Bouncing Back

The people who share my office were again confused as I opened a parcel as if it contained the Lost Treasure of Atlantis today, only to find me staring in awe at four 70mm M8 bolts with Allen heads. Bought from an eBay shop called “Bolt Me Up”, they were the vital missing component for the reattachment of the suspension.

Lorna was nice enough to cook dinner tonight, so I could spend the entire evening covered in grease and wielding a spanner and socket wrench. As a result of my hard graft The Duke is back on four wheels!


LR Series supplied all the other stuff, but managed to send me a centre dowel bolt for the rear springs which is too short. I tried to argue about it, but they wouldn’t have any of it. As a result, I took the advice of a bloke on the Land Rover forums and used a metric equivalent. Thus my deep deep joy at the arrival of my parcel.

Other forum members kindly helped out with the nut and bolt pictured above too. Military spring hangers have an extra central brace which I couldn’t find anywhere on the parts list. It turns out it’s a 4 1.2″ x 1/2″ bolt and matching nyloc nut. I’ve shown it here in case anyone needs this info in the future – not least me!


Here’s the rear left hand spring hanger all bolted up and working. Haven’t got a pic of the front of the spring, but I can say that fitting it was very hard work indeed. In the end, I settled on a simple but frustrating plan, which I repeated until I got the springs in place…

  1. Attach the back of the spring to the spring hangers to keep it from wobbling about.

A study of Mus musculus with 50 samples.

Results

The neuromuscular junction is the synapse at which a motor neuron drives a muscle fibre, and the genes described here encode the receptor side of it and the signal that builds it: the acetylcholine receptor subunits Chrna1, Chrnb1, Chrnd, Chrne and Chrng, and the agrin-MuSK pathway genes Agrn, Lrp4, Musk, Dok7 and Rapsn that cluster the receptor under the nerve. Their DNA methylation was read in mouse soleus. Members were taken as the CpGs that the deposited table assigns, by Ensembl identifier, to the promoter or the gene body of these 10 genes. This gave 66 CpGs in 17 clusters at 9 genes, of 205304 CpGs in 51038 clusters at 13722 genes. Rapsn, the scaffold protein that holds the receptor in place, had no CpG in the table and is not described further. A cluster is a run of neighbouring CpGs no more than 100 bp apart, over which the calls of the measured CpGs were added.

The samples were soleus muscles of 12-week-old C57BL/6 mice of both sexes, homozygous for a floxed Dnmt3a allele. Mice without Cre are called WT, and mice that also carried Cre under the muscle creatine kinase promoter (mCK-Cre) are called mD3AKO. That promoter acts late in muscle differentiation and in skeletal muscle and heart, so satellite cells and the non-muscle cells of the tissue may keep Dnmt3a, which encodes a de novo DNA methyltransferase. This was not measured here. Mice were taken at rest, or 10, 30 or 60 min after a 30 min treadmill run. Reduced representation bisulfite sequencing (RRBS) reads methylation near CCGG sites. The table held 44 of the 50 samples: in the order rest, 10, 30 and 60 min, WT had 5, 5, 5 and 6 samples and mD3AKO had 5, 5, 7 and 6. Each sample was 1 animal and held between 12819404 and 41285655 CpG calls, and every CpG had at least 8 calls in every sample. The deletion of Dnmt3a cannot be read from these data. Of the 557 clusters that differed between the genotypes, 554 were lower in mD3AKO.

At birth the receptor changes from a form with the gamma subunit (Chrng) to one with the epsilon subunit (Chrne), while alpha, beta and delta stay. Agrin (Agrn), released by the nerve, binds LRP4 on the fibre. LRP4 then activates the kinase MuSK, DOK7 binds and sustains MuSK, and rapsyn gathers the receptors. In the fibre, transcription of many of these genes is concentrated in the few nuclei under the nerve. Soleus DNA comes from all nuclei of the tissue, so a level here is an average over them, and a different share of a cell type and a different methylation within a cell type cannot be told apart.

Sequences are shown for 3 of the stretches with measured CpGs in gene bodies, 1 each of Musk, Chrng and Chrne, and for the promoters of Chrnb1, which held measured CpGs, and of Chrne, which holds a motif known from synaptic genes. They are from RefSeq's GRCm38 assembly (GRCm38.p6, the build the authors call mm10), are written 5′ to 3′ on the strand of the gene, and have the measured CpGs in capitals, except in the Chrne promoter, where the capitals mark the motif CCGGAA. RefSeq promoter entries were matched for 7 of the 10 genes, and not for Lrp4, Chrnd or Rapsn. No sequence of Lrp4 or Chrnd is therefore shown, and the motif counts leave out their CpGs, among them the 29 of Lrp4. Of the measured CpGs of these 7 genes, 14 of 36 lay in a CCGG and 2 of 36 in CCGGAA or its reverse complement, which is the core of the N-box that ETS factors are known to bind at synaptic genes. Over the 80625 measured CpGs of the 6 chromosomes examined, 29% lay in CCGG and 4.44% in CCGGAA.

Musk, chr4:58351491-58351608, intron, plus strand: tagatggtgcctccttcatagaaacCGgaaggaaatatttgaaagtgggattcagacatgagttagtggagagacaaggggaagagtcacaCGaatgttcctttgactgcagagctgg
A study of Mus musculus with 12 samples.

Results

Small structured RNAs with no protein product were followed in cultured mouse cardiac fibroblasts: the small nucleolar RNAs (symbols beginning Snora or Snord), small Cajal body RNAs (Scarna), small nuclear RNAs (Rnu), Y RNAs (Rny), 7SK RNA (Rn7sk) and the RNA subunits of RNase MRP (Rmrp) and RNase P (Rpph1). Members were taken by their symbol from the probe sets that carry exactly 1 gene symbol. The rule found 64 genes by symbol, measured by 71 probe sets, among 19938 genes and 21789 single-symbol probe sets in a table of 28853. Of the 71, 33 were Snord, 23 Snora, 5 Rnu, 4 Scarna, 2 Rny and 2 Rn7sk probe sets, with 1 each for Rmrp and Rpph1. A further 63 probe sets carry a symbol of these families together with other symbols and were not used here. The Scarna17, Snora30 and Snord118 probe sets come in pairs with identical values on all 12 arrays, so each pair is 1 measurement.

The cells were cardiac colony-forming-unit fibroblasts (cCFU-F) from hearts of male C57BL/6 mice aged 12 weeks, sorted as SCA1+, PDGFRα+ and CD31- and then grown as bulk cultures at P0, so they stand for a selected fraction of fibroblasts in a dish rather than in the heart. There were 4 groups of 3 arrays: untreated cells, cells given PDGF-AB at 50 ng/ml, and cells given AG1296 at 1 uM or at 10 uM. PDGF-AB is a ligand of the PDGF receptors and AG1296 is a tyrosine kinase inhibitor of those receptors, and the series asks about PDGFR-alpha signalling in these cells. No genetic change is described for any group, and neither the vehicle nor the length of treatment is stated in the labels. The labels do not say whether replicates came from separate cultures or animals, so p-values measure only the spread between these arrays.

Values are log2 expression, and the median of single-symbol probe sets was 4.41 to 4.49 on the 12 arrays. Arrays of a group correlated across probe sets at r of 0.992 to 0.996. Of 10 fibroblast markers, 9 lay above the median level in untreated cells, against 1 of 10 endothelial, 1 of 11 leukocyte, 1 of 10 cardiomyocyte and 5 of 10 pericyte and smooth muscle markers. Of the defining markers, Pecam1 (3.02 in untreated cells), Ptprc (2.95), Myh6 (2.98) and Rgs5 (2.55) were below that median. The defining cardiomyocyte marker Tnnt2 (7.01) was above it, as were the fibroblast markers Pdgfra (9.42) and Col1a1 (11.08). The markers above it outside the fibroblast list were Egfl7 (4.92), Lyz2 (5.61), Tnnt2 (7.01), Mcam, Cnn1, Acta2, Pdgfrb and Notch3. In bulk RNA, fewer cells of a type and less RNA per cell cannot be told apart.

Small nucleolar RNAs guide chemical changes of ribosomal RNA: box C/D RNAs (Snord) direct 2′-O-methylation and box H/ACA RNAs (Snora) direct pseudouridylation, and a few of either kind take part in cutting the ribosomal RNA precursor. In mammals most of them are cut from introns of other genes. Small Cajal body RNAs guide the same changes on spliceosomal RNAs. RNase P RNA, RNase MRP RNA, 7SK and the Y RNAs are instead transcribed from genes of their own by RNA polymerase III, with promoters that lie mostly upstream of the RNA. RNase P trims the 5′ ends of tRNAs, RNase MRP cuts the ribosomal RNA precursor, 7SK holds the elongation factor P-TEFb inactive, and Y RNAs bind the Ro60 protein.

2. Present the front of the spring to the slot in which it sits, line up as best you can and get a bottle jack under it.
  3. Slowly and carefully jack up the spring. The whole back end may lift up, it’s a very tight fit!
  4. If you manage to get close to lining up the holes, grease up the bolt and smack it through with a lump hammer and go to step 6.
  5. Otherwise, if you fail to line up the holes and end up with the spring too far forward or back, don’t bother trying to move it, just remove the jack, unbolt the back of the spring, wiggle it free and go to step 1.
  6. Jump up and down in celebration and perhaps reward yourself with a beer.


The U bolts were relatively simple to get on – once the spring is attached at both ends. Some gentle taps with the Lump Hammer to get them over the axle, then just a case of bolting them up.

Here’s a shot showing the brake pipe guard. I need to get some P clips for this. I am very pleased I remembered to attach it as it’s sandwiched between the axle and the spring. If you were to forget, you’d need to undo the U bolts to fit it.

So, the back end is looking much smarter now. I got a coat of underseal on there the other day, which makes it look much nicer and hides the welded patchwork around the rear crossmember. A couple more coats are required before the tub can go back on.

I had a great time jumping up and down on there too – the greased springs really make a difference, even to a man jumping. I think they’ll make for a much smoother ride, but I’m not doing the front ones ’til I have an MOT!


So, the rear suspension is back on! Still a little welding to do on an outrigger and some missing bracing on the crossmember. Plus I need to tie down the brake pipes, finish undersealing the chassis, make a new rear wiring loom (with fuse box), drill drain holes and squirt some waxoyl inside the chassis, test the generator wiring harness and clean and treat the bottom of the tub. Then I can slap the tub back on! Woo!

One thought on “Bouncing Back

  1. The nuts you used on those ubolts concerned me a little, they look way too small, the correct ones are at least twice as thick. Good luck with your restoration!